Central Peninsula Hospital hasn’t had more than 10 COVID-19 patients since last Monday, as hospitalizations seem to be trending downward.
Bruce Richards, the external affairs director at the facility, said that hospital capacity as a whole has been down. On Monday, there were 37 total patients.
“It looks like we’re on the back side of the second wave,” Richards said.
The health care workers at CPH are taking care of fewer patients, he said, which is allowing them to return to relatively normal operational conditions. Richards said there are still a few COVID patients, but the staff is now able to rest after months of inpatients inundating the hospital.
“It’s become much more manageable now,” he said.
The Alaska State Department of Health and Social Services announced two more COVID deaths Monday, which pushed the total number of statewide deaths to 803 since the pandemic began.
Alaska remained at a high COVID transmission alert level Monday — estimating a rolling average of 386.6 cases per 100,000 people across the state cumulatively over the past seven days.
The threshold for high alert level is 100 or more cases per 100,000 people in the span of one week. The state has surpassed that metric more than three times over.
Another 1,089 COVID cases were announced over the weekend. They included 22 in Kenai, 17 in Homer, 14 in Soldotna, four in Nikiski, three each in the Kenai Peninsula Boroughs North and South and Sterling, two in Seward and one in Anchor Point.
Statewide there were 162 COVID-related hospitalizations as of Monday, with 19 of those patients on ventilators.
Health officials widely agree that vaccination is the best way to prevent serious illness, hospitalization and death from COVID, especially as Alaska is still leading the country in daily cases per capita according to the New York Times.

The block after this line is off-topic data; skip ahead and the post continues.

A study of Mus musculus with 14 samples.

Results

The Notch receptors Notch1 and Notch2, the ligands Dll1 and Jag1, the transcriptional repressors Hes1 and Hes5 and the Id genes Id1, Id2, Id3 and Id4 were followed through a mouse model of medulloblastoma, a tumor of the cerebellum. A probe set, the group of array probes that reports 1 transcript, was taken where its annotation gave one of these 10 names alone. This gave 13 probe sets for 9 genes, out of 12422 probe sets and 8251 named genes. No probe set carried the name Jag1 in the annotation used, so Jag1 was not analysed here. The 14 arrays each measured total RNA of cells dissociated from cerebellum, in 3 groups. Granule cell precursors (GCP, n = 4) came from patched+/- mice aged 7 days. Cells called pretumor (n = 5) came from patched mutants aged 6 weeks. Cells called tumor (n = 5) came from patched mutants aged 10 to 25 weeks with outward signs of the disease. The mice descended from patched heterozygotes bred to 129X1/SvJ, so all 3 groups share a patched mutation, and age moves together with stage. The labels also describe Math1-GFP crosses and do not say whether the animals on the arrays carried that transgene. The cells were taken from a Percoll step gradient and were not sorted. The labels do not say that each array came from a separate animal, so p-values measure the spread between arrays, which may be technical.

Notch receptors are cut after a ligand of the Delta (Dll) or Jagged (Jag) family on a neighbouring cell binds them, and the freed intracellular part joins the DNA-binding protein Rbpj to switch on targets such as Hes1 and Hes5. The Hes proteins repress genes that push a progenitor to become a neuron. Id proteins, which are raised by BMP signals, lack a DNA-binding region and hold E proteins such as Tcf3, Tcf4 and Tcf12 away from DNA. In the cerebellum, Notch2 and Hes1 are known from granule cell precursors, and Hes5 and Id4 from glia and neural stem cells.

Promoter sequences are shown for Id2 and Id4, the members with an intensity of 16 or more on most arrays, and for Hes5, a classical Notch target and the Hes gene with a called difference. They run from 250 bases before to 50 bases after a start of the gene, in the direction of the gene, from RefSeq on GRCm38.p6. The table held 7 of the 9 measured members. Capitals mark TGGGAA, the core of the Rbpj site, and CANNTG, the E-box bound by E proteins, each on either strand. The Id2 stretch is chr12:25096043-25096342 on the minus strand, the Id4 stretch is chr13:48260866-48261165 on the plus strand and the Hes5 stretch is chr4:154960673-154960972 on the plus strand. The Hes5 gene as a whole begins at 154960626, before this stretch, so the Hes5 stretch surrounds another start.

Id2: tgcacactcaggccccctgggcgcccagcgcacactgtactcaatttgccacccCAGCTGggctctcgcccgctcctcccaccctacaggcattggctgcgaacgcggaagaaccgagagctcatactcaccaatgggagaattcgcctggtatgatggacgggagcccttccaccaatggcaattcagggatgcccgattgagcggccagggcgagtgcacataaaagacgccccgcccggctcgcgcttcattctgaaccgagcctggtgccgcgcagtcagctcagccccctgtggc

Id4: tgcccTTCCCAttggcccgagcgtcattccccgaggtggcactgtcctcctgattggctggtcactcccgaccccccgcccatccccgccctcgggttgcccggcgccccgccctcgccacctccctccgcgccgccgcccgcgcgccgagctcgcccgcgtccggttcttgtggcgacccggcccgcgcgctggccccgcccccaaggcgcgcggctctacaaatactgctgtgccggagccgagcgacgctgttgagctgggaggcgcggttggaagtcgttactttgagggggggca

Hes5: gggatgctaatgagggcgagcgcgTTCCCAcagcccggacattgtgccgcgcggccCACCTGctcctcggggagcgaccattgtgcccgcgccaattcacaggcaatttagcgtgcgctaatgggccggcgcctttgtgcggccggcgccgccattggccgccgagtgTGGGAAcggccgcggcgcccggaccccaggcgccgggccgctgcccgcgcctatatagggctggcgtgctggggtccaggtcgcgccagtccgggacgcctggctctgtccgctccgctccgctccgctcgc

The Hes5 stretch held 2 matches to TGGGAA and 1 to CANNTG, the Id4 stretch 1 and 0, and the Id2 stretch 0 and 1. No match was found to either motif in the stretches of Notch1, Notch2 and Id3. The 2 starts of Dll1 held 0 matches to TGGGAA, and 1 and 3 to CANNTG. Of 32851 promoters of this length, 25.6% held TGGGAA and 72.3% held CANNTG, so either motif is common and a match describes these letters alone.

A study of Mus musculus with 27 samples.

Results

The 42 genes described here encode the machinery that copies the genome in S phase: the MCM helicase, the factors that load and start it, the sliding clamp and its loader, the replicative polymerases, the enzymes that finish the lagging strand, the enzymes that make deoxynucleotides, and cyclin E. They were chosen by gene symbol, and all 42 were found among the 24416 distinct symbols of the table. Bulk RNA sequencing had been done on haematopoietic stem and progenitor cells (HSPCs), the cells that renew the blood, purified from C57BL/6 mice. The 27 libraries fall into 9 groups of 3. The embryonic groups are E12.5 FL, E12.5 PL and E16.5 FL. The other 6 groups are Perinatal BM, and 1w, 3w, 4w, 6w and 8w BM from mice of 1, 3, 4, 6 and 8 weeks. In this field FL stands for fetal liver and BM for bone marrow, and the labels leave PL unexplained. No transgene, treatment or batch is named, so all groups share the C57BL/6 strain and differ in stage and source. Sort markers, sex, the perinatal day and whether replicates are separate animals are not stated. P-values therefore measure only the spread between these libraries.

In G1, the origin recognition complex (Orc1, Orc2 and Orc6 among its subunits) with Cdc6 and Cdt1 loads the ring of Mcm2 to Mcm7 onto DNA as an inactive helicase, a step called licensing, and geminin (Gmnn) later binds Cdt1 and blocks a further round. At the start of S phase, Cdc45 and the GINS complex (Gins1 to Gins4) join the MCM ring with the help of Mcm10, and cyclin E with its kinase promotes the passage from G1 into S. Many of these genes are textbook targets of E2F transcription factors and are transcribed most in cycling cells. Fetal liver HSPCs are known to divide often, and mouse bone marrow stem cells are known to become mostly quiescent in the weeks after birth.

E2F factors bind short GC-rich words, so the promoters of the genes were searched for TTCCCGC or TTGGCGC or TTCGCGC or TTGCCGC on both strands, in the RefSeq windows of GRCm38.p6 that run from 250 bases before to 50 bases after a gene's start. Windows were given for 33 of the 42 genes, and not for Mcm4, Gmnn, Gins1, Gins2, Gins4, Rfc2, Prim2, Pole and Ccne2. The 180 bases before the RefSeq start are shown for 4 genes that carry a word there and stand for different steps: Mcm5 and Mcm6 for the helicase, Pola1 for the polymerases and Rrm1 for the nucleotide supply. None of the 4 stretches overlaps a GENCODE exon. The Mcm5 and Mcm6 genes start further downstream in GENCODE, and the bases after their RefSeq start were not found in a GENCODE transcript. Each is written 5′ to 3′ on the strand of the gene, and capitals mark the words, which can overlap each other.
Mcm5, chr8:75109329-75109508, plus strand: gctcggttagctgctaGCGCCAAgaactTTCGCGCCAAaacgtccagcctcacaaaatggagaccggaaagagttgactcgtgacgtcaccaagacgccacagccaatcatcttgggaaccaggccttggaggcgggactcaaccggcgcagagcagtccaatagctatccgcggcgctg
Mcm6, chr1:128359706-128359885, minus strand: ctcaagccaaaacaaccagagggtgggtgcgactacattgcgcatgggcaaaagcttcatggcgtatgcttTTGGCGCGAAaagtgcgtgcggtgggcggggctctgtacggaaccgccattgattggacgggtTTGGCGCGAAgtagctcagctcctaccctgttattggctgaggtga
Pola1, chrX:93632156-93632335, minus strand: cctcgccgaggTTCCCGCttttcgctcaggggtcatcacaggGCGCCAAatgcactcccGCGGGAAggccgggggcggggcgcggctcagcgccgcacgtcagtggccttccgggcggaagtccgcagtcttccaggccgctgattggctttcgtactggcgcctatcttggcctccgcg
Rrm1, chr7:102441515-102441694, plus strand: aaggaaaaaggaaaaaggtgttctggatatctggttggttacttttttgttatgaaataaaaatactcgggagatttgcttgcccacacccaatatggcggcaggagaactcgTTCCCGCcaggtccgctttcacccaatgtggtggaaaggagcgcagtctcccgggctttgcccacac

The Centers for Disease Control and Prevention extended the emergency use authorization of the Pfizer-BioNTech COVID vaccine for kids ages 5 to 11 earlier this month, giving eligibility to another 28 million people in the U.S.
Pfizer is approved for everyone 5 years and older, while the Moderna and Johnson & Johnson/Janssen vaccines are approved for anyone 18 and older.
Pfizer and Moderna boosters and additional doses are also available for certain high-risk populations. Anyone who received the single-shot J&J vaccine is recommended to get a booster of any brand.
Getting a COVID vaccine
COVID-19 vaccines do not cost money. Many different organizations on the central peninsula, including Walmart, Walgreens, the Kenai Fire Department and Kenai Public Health, offer vaccines. They are also available for both residents and visitors at airports in Anchorage, Juneau and Fairbanks.
Additionally, Soldotna Professional Pharmacy hosts a walk-in clinic in its strip mall storefront at the “Y” intersection of the Sterling and Kenai Spur highways. The clinic has extended its hours to Monday through Friday from 10 a.m. to 8 p.m., and Saturdays from 10 a.m. to 4 p.m.
Vaccination appointments can also be scheduled through the online portal PrepMod, which can be accessed at myhealth.alaska.gov.
A map of vaccine providers can be found on DHSS’ COVID-19 vaccine website at covidvax.alaska.gov.
People who would like assistance scheduling a vaccination appointment can call the Kenai Peninsula Borough Office of Emergency Management call center. The center operates Monday through Friday from 9 a.m. to noon. The central peninsula call center can be reached at 907-262-4636. The Homer call center can be reached at 907-235-4636. The Seward call center can be reached at 907-224-4636.
COVID testing locations
Officials encourage anyone with symptoms to test for COVID-19, despite vaccination status.
In Kenai, testing is available at the Chignik Lagoon Clinic, Odyssey Family Practice, Kenai Public Health Center and Capstone Clinic.
In Soldotna, testing is available at the Peninsula Community Health Center, Urgent Care of Soldotna, Walgreens and Soldotna Professional Pharmacy.
In Seward, testing is available at Providence Medical Center, Chugachmiut-North Star Health Clinic, Glacier Family Medicine, Seward Community Health Center and the Safeway pharmacy. The Seward Community Health Center at 417 First Avenue is offering drive-thru testing Tuesdays only, starting Nov. 16. Bring a face covering and photo ID.
In Homer, testing is available at South Peninsula Hospital, or through other area health care providers at Seldovia Village Tribe Health and Wellness, Kachemak Medical Group and Homer Medical Center.
Reach reporter Camille Botello at email@example.com.